MINNEAPOLIS (FOX 9) - One of the officers involved with the death of George Floyd in Minneapolis has been arrested. Derek Chauvin is charged with third-degree murder and second-degree manslaughter for Floyd's death.
The arrest has raised some questions for viewers:
What is third-degree murder?
A person commits third-degree murder when the person does not intend to kill another person but does so by acting recklessly, or “without regard for human life.”
The statute reads: “Whoever, without intent to effect the death of any person, causes the death of another by perpetrating an act eminently dangerous to others and evincing a depraved mind, without regard for human life, is guilty of murder in the third degree.”
Some defense lawyers believe this charge has legal complexities when the reckless behavior was directed at one person.
A person guilty of third-degree murder faces up to 25 years in prison.
What is second-degree manslaughter, and how is it different from murder?
A person commits second-degree manslaughter when their negligence causes another person’s death.
Manslaughter only requires the person to create “an unreasonable risk,” while third-degree murder requires the person to act “without regard for human life."
A person guilty of second-degree manslaughter faces up to ten years in prison.
What is second-degree murder, and why isn’t Chauvin charged with it?
Second-degree murder is a more serious charge than third-degree murder, and requires the person to have intended to kill the victim.
Michael Freeman, the Hennepin County Attorney, said it is possible Chauvin could face more charges, including second-degree murder. The investigation is ongoing.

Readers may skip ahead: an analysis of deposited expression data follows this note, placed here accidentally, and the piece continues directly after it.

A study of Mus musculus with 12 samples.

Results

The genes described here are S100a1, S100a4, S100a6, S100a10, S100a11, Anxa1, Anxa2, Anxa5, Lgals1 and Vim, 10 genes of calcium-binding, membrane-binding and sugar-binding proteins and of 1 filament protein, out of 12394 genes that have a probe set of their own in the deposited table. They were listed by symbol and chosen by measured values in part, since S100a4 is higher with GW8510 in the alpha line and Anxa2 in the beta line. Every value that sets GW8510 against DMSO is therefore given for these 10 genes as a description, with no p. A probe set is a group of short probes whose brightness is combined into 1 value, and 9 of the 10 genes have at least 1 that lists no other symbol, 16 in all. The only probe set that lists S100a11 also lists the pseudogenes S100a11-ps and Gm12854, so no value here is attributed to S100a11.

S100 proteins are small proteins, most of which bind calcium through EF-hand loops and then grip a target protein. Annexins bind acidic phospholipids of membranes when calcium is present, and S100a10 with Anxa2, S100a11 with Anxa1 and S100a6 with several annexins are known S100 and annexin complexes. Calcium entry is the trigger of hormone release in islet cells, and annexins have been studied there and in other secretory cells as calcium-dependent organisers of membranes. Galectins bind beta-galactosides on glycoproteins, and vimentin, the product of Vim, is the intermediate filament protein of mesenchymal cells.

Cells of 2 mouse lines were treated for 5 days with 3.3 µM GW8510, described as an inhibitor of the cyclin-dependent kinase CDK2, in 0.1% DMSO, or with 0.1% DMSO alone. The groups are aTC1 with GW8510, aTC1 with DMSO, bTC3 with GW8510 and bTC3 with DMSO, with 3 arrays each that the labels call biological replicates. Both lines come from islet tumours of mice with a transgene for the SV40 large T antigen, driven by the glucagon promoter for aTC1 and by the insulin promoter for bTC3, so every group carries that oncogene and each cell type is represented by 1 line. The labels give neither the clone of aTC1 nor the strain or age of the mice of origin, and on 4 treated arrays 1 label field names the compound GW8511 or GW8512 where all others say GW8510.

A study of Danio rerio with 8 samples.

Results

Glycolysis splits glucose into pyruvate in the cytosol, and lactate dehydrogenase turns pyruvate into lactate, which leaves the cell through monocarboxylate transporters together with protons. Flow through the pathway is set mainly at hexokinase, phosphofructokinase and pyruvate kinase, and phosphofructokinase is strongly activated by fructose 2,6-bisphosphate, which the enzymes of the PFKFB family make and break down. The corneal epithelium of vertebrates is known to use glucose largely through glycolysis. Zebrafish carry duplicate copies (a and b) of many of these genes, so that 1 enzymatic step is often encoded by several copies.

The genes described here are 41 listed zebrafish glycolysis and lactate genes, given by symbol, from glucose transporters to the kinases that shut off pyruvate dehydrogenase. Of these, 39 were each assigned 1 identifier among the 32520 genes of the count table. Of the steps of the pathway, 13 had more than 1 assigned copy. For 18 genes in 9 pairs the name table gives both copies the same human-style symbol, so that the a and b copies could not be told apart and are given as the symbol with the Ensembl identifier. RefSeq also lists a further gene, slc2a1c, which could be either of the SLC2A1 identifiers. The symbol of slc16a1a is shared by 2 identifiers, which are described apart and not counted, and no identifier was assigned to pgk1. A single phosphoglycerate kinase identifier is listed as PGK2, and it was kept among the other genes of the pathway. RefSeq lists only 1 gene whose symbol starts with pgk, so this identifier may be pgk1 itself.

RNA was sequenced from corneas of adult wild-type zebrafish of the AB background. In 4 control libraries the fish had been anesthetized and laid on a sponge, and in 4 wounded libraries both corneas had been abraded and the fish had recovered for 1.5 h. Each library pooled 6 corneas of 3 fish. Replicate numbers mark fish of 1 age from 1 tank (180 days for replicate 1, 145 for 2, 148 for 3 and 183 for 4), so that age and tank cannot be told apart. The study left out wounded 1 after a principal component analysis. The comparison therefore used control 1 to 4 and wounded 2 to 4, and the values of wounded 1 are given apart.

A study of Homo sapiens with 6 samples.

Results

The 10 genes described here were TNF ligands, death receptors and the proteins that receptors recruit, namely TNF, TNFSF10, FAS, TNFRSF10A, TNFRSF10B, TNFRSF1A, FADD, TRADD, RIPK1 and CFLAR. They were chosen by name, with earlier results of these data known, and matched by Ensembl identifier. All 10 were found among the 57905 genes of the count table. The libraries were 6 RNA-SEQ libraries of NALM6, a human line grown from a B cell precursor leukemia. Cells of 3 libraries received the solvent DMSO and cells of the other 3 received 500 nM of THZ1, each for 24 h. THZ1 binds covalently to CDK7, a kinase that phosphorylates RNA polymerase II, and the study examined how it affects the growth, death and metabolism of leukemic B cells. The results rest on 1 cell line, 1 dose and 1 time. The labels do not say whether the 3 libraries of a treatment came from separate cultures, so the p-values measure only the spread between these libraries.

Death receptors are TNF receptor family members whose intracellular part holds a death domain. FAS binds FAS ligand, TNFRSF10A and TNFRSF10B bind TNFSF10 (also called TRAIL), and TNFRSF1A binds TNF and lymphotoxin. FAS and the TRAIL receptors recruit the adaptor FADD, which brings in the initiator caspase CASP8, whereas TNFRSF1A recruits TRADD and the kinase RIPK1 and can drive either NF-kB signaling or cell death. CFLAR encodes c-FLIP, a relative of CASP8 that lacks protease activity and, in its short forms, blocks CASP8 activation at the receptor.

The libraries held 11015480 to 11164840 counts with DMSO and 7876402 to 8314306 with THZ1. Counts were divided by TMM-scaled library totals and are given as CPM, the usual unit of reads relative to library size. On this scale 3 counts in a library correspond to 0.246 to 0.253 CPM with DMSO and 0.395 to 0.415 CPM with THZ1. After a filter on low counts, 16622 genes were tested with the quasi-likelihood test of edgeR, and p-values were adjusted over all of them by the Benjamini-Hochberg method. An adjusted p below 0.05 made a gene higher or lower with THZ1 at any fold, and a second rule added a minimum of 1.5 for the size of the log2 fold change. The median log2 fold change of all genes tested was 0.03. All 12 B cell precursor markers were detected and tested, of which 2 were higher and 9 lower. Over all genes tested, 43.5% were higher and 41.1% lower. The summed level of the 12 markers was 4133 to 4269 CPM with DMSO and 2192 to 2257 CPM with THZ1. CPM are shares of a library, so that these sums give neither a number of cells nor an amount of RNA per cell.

What about first-degree murder?
1st Degree Murder requires the prosecutor to prove the person premediated, or planned, to kill the victim.
The attorney for George Floyd’s family issued a statement calling for a 1st Degree Murder charge.
What charges could the other three officers involved in the death face?
The most serious charge the other three fired officers could face is aiding and abetting the murder.
“That could be giving him a tool or weapon, it could be keeping people away from interfering with that was going on,” Mark Osler, a former federal prosecutor, told FOX 9.
Freeman says the investigation is ongoing and the other officers could still be charged.
Does it matter if Floyd’s cause of death was not caused by strangulation?
According to preliminary findings released by the Hennepin County Medical Examiner, “the autopsy revealed no physical findings” that “traumatic asphyxia or strangulation” directly caused Floyd’s death. However, the criminal complaint notes that underlying medical conditions coupled with “being restrained by the police” likely contributed to Floyd’s death.
Regardless of the report, Osler believes the cause of death still supports a murder charge.
“The fact [a victim was] weakened or had an underlaying condition at the time of their death, doesn't matter. It's still going to be murder. The fact someone is a hemophiliac and I go and stab that person and they bleed to death, I'm not innocent of murder because they were a hemophiliac,” said Osler, a law professor at the University of St. Thomas School of Law. “Here, it seems pretty clear, the knee pressed to his neck was a but-for cause of his death.”
Additional information is expected from the medical examiner.